Zen Business.com | By Patricia Schaefer | December 1, 2022 | Heating Costs | Shield Home Insurance
Use these low-cost and no-cost ways to lower your heating bill, regardless of your heat source. Read on if you’d like to save 20% or more on your heating bills this winter.
The cost of heating your home — and your home office — could put a huge hole in your budget this winter whether you heat with oil, gas, or electric. Even if you get the best price for heating oil in your area, for instance, you might need to spend more than $5,000 to keep your home warm.
But there are steps you can take to potentially save you 20% or more on heating costs when those penetrating arctic winds start to blow. For those on limited budgets, there are many ways to lower heating bills that don’t cost a dime. There are also weatherization applications that require anywhere from a small to middling investment of cash, yet these applications will subsequently lower both energy consumption and future heating bills. Over time, these investments can be expected to more than pay for themselves.
Cost-Free Ways to Lower Heating Bills
- Lower your thermostat. Try reducing your usual daytime temperature by at least one degree. For each lowered degree, you’ll save one to three percent off those heating bills. At night, turn down the thermostat to 60 degrees. It’s much healthier, you’ll feel better when you awaken, and you’ll save money. If you go away for a weekend or more, lower the thermostat to 55 degrees.
- Run bathroom and kitchen exhaust fans less. Exhaust fans pull warm air out of the house and let in cooler air that will need to be heated. Use fans only when necessary.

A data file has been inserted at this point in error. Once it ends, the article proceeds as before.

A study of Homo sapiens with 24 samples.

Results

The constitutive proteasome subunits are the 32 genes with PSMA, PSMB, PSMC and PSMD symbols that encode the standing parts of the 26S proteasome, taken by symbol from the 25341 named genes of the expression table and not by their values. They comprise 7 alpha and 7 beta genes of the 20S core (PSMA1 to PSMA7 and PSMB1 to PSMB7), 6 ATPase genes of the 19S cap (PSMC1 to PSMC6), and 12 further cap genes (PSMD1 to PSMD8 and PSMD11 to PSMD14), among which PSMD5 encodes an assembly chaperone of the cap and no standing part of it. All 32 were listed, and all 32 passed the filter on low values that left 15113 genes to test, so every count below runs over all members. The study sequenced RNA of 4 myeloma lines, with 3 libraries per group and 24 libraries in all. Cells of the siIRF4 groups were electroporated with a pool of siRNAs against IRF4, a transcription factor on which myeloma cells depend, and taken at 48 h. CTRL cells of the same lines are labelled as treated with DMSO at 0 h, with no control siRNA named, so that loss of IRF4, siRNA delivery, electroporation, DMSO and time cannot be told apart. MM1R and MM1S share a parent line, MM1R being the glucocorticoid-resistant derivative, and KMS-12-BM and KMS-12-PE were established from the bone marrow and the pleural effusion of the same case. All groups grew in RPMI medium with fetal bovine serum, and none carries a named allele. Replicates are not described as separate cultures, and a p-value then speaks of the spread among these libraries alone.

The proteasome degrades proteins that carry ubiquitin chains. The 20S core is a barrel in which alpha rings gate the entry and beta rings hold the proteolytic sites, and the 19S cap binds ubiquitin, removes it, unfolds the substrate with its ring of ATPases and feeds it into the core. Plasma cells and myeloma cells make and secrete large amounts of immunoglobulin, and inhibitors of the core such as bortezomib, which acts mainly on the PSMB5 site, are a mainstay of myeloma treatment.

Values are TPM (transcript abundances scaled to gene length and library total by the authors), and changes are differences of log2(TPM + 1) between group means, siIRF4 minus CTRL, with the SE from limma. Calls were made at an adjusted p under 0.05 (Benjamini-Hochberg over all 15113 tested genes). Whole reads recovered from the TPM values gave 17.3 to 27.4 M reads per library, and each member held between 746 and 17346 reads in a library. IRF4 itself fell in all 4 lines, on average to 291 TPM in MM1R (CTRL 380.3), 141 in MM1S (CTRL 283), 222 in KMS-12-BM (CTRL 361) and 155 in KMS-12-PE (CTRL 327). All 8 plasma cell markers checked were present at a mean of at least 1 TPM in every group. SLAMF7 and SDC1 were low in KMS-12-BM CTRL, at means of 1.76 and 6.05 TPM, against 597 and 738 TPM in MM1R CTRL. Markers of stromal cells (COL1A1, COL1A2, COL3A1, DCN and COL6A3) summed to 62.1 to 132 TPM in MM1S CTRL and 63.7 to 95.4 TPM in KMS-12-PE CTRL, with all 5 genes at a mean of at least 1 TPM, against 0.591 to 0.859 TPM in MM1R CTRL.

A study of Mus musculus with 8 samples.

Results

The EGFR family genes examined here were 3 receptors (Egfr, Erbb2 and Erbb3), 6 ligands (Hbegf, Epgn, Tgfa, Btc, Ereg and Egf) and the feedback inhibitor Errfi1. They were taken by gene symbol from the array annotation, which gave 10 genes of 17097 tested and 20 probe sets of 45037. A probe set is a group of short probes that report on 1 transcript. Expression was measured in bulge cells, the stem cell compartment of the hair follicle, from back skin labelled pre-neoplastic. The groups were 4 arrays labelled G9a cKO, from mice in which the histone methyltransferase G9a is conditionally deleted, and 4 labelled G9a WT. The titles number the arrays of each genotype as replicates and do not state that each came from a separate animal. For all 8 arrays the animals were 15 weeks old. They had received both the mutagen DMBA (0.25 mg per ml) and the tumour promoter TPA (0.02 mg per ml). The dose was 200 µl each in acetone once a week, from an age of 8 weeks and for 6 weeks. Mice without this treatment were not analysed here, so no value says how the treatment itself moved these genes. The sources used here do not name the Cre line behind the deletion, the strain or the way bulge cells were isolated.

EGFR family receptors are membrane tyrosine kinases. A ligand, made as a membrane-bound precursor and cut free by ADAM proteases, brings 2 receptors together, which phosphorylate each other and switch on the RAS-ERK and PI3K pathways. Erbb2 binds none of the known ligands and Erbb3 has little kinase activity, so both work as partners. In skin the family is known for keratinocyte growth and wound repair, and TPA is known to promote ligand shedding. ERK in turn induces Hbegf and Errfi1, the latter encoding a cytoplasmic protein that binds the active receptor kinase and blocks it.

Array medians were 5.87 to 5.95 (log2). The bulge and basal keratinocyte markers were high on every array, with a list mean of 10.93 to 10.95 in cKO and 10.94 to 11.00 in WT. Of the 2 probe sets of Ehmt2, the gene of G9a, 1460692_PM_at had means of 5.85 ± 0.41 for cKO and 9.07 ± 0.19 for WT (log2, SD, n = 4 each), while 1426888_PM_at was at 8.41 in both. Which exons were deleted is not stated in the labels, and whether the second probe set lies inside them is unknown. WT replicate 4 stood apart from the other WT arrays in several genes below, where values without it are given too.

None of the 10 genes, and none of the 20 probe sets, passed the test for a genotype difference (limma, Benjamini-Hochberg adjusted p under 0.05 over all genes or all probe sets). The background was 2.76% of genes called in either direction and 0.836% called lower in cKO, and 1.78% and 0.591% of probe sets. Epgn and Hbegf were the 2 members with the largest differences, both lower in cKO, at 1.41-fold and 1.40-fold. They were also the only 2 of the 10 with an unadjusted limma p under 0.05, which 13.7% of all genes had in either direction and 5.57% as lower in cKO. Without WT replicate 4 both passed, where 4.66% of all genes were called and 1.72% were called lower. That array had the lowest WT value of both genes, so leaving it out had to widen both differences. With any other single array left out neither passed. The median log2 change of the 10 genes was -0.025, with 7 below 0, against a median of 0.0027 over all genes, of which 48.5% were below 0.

- If you have a service contract with a heating provider, it will usually include an annual check and tune-up of your heating system. Don’t rely on the company to contact you about scheduling this service. Be sure it’s performed annually before winter arrives; doing so can save up to 10% on heating bills.
- Close the damper on your fireplace when not in use. If not, your chimney will draw warm air out of the room and create a draft.
- Close off unused spaces (attic, garage, basement, spare bedrooms, storage areas, etc.) or heat only those rooms that you use. If your heating system has vents, close off heating vents in unused rooms.
- If you have ceiling fans, reverse the switch so they blow upward toward the ceiling. The reverse air circulation promotes heating efficiency in the winter.
- Reduce your hot water heater temperature to 115-120 degrees.
- Keep blinds and drapes open on sun-exposed windows during the day. Close these same drapes at night to help impede the escape of heat.
- Dust builds up on radiators and baseboard heating vents, and then reduces the amount of heat that can get into a room. Dust and vacuum these surfaces often.
- Prune branches from trees and bushes that block the sun’s rays into your home.
- If possible, sign up for a budget plan with your heating provider. Although this will not reduce the actual yearly dollar amount, it will make your bill-paying more manageable when spread evenly over a 12-month period.
- When you add energy-efficient items to your home, check for possible tax breaks or discounts on homeowner insurance policies.
- Check with local utility companies for free energy audits. Certain energy-saving devices may also be provided and installed free of charge. Lower-income households typically qualify for these free products and services.